After a long, slow climb back, new-vehicle inventory levels in the United States topped 2 million last month for the first time since April 2021 as the industry continues to move away from production disruptions, according to estimates by Cox Automotive and the Automotive News Research & Data Center.
Cox Automotive estimated inventories at 2.06 million vehicles in its latest report, up more than 837,000 vehicles from a year ago, or 68 percent. Inventories reached their lowest levels in September 2021, when they dropped under 830,000, Cox said, and spent much of the next year hovering between that low and 1.1 million, before beginning to steadily gain ground in August 2022.
Despite the recent gains, automakers and dealers still have about 1.4 million fewer vehicles on their lots today than they did at the same point in 2019, and about 400,000 fewer than they did at this point in 2020, according to Cox estimates.
Asian brands continue to have the industry's lowest days' supply, according to Cox and the Automotive News Research & Data Center, while Detroit 3 brands dominate the list of those with the highest days' of supply.
All seven automakers that report monthly U.S. sales and inventory data saw their days' supply increase from the previous month, according to data compiled by the Automotive News Research & Data Center. Ford saw the steepest gain, jumping 13 days and back above a two months' supply, while other automakers saw stockpiles jump between two and five days' supply, with Volvo the only other automaker carrying more than 30 days of inventory.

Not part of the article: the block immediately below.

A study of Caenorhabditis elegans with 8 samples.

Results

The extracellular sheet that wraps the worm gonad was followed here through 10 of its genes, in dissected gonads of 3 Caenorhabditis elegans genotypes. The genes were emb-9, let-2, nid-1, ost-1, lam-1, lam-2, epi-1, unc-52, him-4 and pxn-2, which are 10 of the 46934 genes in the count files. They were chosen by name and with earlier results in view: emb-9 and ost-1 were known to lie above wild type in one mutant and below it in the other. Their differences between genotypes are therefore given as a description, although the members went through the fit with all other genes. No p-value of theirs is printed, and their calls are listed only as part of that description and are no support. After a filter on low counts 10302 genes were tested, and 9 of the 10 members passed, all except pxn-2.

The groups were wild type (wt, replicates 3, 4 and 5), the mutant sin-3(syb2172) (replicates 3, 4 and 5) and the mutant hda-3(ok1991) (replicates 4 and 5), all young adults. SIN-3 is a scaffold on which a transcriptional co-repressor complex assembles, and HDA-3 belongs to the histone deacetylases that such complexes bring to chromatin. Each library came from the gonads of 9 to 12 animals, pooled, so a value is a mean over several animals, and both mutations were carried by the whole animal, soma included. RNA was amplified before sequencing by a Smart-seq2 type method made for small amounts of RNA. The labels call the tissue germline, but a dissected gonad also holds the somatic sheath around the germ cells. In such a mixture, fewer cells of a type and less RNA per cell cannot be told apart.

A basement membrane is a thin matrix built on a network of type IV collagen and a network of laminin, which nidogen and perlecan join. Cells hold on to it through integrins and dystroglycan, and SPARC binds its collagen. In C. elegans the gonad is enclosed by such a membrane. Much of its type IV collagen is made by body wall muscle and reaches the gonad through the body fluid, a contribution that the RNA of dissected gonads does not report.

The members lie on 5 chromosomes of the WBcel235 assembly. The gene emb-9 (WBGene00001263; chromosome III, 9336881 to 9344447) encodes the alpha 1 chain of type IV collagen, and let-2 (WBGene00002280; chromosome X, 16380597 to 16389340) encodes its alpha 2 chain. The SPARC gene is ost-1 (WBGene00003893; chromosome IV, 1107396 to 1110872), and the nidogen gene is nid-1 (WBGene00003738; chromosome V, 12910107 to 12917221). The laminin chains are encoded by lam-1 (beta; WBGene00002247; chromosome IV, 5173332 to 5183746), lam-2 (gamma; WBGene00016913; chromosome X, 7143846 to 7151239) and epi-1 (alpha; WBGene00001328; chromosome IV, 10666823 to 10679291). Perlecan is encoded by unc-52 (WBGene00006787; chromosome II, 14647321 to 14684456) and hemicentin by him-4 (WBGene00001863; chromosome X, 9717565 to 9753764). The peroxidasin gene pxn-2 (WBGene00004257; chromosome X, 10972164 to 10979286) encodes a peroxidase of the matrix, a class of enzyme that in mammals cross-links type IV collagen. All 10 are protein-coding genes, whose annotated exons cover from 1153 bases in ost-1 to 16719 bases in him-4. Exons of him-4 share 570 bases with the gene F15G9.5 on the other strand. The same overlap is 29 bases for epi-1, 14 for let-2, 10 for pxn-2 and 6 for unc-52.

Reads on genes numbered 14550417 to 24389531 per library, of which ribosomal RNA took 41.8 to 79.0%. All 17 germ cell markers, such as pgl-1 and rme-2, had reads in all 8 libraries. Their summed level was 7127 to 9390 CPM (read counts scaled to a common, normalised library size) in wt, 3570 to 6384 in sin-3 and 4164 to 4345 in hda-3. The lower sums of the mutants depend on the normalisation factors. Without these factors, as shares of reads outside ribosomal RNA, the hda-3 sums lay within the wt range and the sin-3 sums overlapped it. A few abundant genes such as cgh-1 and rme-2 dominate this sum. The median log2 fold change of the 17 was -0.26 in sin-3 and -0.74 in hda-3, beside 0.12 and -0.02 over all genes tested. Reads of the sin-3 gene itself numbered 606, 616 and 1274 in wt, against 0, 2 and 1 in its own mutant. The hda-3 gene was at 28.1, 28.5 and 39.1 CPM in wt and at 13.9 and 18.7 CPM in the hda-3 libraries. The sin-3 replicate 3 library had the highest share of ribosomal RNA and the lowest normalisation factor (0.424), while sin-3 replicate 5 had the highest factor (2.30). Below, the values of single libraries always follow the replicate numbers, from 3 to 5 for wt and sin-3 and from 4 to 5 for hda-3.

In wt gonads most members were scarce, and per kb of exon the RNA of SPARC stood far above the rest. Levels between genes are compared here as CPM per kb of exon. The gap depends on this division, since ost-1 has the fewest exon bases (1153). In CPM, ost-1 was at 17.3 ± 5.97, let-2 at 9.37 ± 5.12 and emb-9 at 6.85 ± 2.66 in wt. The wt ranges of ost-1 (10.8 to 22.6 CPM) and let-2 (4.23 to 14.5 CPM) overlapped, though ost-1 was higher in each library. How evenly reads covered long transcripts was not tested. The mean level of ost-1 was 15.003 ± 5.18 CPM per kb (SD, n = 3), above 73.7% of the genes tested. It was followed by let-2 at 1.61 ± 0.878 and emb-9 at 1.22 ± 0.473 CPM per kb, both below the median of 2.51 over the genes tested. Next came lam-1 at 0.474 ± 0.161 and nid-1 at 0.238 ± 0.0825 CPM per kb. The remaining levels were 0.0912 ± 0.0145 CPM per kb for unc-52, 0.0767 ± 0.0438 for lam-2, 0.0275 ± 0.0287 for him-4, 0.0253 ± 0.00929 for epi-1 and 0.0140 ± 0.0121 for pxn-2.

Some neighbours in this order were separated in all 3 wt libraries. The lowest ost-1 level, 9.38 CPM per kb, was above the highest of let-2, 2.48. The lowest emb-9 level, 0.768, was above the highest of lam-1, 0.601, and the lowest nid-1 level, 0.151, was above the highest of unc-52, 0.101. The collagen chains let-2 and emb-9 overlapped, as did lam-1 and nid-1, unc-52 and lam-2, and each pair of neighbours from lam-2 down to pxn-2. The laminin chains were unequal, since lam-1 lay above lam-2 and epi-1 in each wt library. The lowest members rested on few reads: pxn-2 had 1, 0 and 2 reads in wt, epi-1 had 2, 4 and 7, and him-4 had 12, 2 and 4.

As has been the case for much of the last year, Cox noted that new-vehicle inventories were lowest in segments and among models with lower sticker prices, while those at the other end of the price spectrum, including many EVs, had higher than average inventory levels.
Michelle Krebs, executive analyst with Cox Automotive, said that, whether a purposeful strategy or not, Stellantis, Ford and General Motors seem to have prepared themselves and their dealers for any potential production disruptions this year, especially in the highly profitable full-size pickup segment.
"I would say that [the Detroit 3] are well-stocked for a potential [UAW] strike. They are well-stocked in full-sized pickups, especially because the later months of the year are big for full-sized trucks," she said. "If sales momentum is slowing, as it appeared to in August, that could help the inventory situation as well."